Monday, March 05, 2007

Once in a blue moon

Last night, I thought I would see this:


I would have loved to have seen this:






But all I saw was this:






and that’s good enough for me because...

...every August, during La Nuit des Etoiles, I stand outside and stare at the sky, propping my eyelids open and willing myself not to fall asleep.

I stand there until the early hours of the morning.

Once, I stayed up all night.

And I have never ever seen a single shooting star. Not one. Aeroplanes and satellites by the dozen but shooting stars? They just sit there stubbornly twinkling and refuse to fall.



At least the moon had the decency to blush…

12 comments:

Sarah said...

I've seen shooting stars in the US when I spent a year in Dallas. It's a bit of a long way to go however...

Louise said...

The night of the eclipse I took the dog out, as usual, and the moon was very full and very bright, as the action hadn't started. I thought about taking a photo because it seemed to be so near and enormous - why when you photograph the moon, does it end up as a white pinprick on a black background when it's so clear and close to the naked eye? Don't bother to answer this anyone - I know nothing of photography and just have a camera where I press the button and it does all the rest!

I'v never seen shooting stars 'le nuit des etoiles' - got a stiff neck, got cold, fallen asleep, but no shooting stars. A few years ago, however, one night in October I think, I was walking the dog and in an hour I saw dozens and dozens - it was fabulous and I ran out of wishes!

Gigi said...

I think we ought to ask Bill how to take a photo of the moon - I'm sure he must know...

angela said...

Did you ever read The Day of the Triffids which begins with everyone going blind because they stayed up watching a meteorite shower? I simply haven't been able to watch a heavenly body ever since...
Angela

part-time buddha said...

The next meteor shower begins on March 10th and lasts about 4 days. On average, there are ten meteors visible per hour.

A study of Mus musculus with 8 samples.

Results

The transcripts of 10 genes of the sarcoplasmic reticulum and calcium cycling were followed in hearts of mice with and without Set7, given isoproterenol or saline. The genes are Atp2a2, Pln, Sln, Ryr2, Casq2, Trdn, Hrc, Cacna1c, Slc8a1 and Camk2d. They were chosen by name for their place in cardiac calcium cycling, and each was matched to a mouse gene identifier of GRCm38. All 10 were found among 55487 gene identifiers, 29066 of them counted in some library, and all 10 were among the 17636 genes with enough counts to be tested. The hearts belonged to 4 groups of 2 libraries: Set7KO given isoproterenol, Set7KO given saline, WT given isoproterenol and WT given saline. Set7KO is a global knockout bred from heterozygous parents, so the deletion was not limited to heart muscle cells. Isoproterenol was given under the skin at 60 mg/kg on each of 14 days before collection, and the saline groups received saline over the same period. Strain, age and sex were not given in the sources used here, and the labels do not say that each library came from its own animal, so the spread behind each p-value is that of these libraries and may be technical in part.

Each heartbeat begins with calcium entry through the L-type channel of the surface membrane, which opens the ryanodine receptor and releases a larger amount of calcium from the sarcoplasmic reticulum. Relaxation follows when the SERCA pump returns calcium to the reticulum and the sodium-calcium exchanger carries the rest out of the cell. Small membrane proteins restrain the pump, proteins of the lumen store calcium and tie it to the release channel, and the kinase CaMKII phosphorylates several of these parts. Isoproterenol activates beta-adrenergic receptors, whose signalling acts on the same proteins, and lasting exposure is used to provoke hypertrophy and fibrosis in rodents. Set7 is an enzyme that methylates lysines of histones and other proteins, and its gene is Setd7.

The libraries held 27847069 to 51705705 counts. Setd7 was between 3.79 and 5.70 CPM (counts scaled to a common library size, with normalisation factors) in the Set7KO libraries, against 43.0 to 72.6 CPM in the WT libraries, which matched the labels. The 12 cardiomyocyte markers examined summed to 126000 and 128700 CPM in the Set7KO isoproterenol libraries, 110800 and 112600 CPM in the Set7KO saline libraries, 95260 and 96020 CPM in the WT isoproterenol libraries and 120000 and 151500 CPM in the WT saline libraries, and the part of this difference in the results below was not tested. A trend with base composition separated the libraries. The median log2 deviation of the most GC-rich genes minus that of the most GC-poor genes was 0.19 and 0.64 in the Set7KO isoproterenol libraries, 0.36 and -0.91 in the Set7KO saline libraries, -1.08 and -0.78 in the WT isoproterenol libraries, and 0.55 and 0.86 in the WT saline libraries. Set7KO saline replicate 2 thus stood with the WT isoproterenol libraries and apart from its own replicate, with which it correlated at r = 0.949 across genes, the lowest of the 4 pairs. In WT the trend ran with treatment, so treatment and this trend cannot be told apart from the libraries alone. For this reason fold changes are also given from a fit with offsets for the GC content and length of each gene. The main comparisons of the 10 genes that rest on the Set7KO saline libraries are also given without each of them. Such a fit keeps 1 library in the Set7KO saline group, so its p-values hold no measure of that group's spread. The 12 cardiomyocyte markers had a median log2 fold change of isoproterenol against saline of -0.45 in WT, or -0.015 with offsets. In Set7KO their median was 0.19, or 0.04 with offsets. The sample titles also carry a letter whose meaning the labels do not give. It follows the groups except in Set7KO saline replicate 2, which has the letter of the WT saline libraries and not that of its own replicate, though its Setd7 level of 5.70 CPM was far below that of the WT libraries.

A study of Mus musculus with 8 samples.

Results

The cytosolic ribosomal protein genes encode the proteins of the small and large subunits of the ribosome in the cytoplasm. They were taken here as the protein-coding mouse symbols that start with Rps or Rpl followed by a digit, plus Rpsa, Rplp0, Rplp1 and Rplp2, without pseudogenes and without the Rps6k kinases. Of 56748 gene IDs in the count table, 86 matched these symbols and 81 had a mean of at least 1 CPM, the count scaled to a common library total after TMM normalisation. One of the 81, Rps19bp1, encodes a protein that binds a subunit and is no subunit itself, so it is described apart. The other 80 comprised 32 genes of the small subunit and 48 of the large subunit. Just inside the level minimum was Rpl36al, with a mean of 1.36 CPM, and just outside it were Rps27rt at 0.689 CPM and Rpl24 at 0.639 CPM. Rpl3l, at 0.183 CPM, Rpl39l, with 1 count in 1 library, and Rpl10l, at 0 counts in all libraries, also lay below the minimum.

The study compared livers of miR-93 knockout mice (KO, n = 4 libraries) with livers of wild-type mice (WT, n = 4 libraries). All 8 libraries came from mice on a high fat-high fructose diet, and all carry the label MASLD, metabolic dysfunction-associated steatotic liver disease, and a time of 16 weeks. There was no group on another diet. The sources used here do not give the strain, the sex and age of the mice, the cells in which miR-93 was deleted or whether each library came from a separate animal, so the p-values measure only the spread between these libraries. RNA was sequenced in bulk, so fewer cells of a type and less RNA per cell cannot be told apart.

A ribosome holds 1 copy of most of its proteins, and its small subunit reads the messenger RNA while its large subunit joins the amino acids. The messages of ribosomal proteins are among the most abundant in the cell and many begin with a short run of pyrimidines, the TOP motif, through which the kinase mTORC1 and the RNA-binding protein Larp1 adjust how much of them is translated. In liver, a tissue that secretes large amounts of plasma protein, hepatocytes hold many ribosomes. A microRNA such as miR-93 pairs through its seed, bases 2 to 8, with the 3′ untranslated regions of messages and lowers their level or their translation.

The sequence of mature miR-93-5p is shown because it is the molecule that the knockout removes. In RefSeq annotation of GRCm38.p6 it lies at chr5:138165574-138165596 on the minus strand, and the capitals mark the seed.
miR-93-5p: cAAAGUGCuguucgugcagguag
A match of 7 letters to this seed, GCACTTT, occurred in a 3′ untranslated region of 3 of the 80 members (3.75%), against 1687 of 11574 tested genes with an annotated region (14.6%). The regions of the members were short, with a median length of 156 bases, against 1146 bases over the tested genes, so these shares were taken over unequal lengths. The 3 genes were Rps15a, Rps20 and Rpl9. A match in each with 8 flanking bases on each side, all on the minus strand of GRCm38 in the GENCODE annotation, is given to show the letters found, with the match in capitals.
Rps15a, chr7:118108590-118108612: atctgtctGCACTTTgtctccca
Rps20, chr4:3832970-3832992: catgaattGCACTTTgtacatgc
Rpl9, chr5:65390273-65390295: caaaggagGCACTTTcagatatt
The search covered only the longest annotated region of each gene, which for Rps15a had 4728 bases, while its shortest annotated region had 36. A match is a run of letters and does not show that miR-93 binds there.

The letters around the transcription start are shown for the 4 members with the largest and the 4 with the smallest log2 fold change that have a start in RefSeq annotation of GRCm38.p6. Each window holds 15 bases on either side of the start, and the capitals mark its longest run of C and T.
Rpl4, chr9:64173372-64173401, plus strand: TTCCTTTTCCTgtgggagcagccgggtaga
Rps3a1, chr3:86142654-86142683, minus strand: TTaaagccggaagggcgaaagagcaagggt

So grab a comfy blanket and head someplace dark and do something about having never seen a shooting star. You might even see two!

Gigi said...

I know I did read the Day of the Triffids - when I was about 14. I can't remember it at all - time for a re-read...

OK part-time buddha - that's Saturday. I'm going to sit outside and I'd better see one or else...

Louise said...

Problem, Gigi! Buddha lives in the US - will we see this in Europe?

Louise said...

PS If we can see this heavenly show in Europe, start writing your wish list, just in case you see loads!

bluevicar said...

Someday I'll tell you about the feast of falling stars that I experienced about 25 years ago...it was a delight! Just keep your eyes peeled, Gigi; you'll see one. You will.

Meilleurs voeux!!

Gigi said...

OK well, perhaps I'll have to wait until August after all. I'll start preparing the wishes...

roadsofstone said...

The eclipse greeted us as we left dinner at a friends' house. It was clear and sharp and spectacular, and all the more spectacularm for being so completely unexpected.

And as for Day of the Triffids - yes, that was one of my very favourite early reads as well. I read all of John Wyndham's books after that.

Muddy said...

Last August in the Creuse, we sat outside one night and saw about a dozen shooting stars! It was wonderful. There was a time a few years ago in November in South Carolina (USA), when my son and I went out at 3 a.m. for a promised meteor shower, and it was pure magic. We only went inside when we couldn't stand the cold anymore - it must've been about 7° C. The dogs romped about and came back to cold-nose us every few minutes, and the stars were shooting in all directions, some more spectacular than others. All in all, it was a fantastic experience!